U.S. Special Counsel Robert Mueller on Tuesday stepped up pressure on two former Trump campaign aides to cooperate in his probe into possible collusion with Russia, unsealing a criminal charge against a lawyer for lying to Mueller's investigators.
The attorney, Alex van der Zwaan, the son-in-law of one of Russia's richest men, pleaded guilty in U.S. District Court in Washington, D.C., to a charge of lying to the Special Counsel's office. A U.S. judge set his sentencing for April 3.
The case involves work that van der Zwaan, a 33-year-old Dutch citizen, performed in 2012 about Ukraine for Paul Manafort and Rick Gates, senior officials in Donald Trump's 2016 election campaign.
The two former aides have been charged with conspiracy to launder money and failure to register as foreign agents in connection with work for a pro-Russia Ukrainian party.
The charge against van der Zwaan makes no reference to Trump's campaign or the 2016 election.
But legal experts said the charge would put more pressure on the former Trump aides to cooperate with Mueller as he looks into whether Russia tried to influence the election in favor of Trump by hacking the emails of leading Democrats and distributing disinformation and propaganda online.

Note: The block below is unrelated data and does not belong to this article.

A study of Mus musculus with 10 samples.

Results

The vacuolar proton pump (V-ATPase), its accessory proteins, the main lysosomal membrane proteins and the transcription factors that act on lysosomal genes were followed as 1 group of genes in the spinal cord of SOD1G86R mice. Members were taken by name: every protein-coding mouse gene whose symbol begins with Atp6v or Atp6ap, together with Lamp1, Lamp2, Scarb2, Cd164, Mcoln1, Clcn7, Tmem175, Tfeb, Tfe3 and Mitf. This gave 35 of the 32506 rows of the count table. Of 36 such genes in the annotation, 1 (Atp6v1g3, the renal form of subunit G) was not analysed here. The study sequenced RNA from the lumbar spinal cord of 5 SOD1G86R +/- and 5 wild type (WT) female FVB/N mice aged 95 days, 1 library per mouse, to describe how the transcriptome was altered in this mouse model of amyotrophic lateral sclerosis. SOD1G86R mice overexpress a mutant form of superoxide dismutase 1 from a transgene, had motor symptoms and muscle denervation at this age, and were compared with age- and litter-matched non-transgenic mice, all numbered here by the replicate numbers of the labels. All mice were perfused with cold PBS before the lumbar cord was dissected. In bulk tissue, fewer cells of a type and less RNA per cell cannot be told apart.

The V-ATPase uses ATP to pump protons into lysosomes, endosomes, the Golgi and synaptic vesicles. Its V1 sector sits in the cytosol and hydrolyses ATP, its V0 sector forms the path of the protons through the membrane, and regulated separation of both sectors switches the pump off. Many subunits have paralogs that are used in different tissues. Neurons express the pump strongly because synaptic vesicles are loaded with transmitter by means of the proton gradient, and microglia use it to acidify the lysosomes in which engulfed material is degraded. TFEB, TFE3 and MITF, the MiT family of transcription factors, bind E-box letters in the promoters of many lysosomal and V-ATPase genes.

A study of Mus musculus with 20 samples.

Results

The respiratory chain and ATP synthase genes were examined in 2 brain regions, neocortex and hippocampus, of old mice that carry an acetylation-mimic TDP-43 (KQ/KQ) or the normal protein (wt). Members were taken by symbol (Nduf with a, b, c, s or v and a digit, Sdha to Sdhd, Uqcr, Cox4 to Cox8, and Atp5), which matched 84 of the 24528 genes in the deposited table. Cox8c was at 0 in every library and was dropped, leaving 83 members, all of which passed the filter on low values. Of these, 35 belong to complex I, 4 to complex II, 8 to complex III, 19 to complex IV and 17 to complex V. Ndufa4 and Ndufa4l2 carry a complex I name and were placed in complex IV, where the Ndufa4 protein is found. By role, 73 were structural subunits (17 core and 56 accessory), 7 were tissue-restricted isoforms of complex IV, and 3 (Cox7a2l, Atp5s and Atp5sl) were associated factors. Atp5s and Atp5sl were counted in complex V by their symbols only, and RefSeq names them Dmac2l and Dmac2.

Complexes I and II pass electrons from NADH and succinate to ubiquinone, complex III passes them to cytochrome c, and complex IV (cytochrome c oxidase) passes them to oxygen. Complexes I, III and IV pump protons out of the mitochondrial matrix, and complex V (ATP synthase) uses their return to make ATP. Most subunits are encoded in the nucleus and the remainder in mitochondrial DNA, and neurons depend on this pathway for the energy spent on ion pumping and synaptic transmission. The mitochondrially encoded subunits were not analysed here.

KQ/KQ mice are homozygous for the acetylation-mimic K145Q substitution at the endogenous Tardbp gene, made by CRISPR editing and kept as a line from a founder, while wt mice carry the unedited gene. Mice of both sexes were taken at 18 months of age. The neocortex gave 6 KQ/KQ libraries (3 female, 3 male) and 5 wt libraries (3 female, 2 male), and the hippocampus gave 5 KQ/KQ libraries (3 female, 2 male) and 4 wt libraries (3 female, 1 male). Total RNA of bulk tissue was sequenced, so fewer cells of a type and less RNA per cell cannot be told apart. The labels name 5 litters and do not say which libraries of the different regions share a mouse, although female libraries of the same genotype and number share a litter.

Last year, U.S. intelligence agencies found that Russia had meddled in the election and that its goals eventually included aiding Trump who won a surprise victory over Democrat Hillary Clinton.
The lawyer's case appears to underscore the extent of Mueller's probe and of his interpretation of how far and wide he can investigate.
Manafort, who was Trump's campaign manager for almost five months in 2016, and Gates, who was deputy campaign manager, pleaded not guilty last year to Mueller's charges.
Lawyer van der Zwaan's father-in-law is Russian billionaire German Khan, the founder of the privately-owned Alfa Bank.
Even if van der Zwaan "is only cooperating against Paul Manafort, that could be very valuable in the big picture. Prosecutors typically very methodically start with low-level offenders and try to work their way up the chain," said Barbara McQuade, a former U.S. attorney for the Eastern District of Michigan. "My guess is he is cooperating."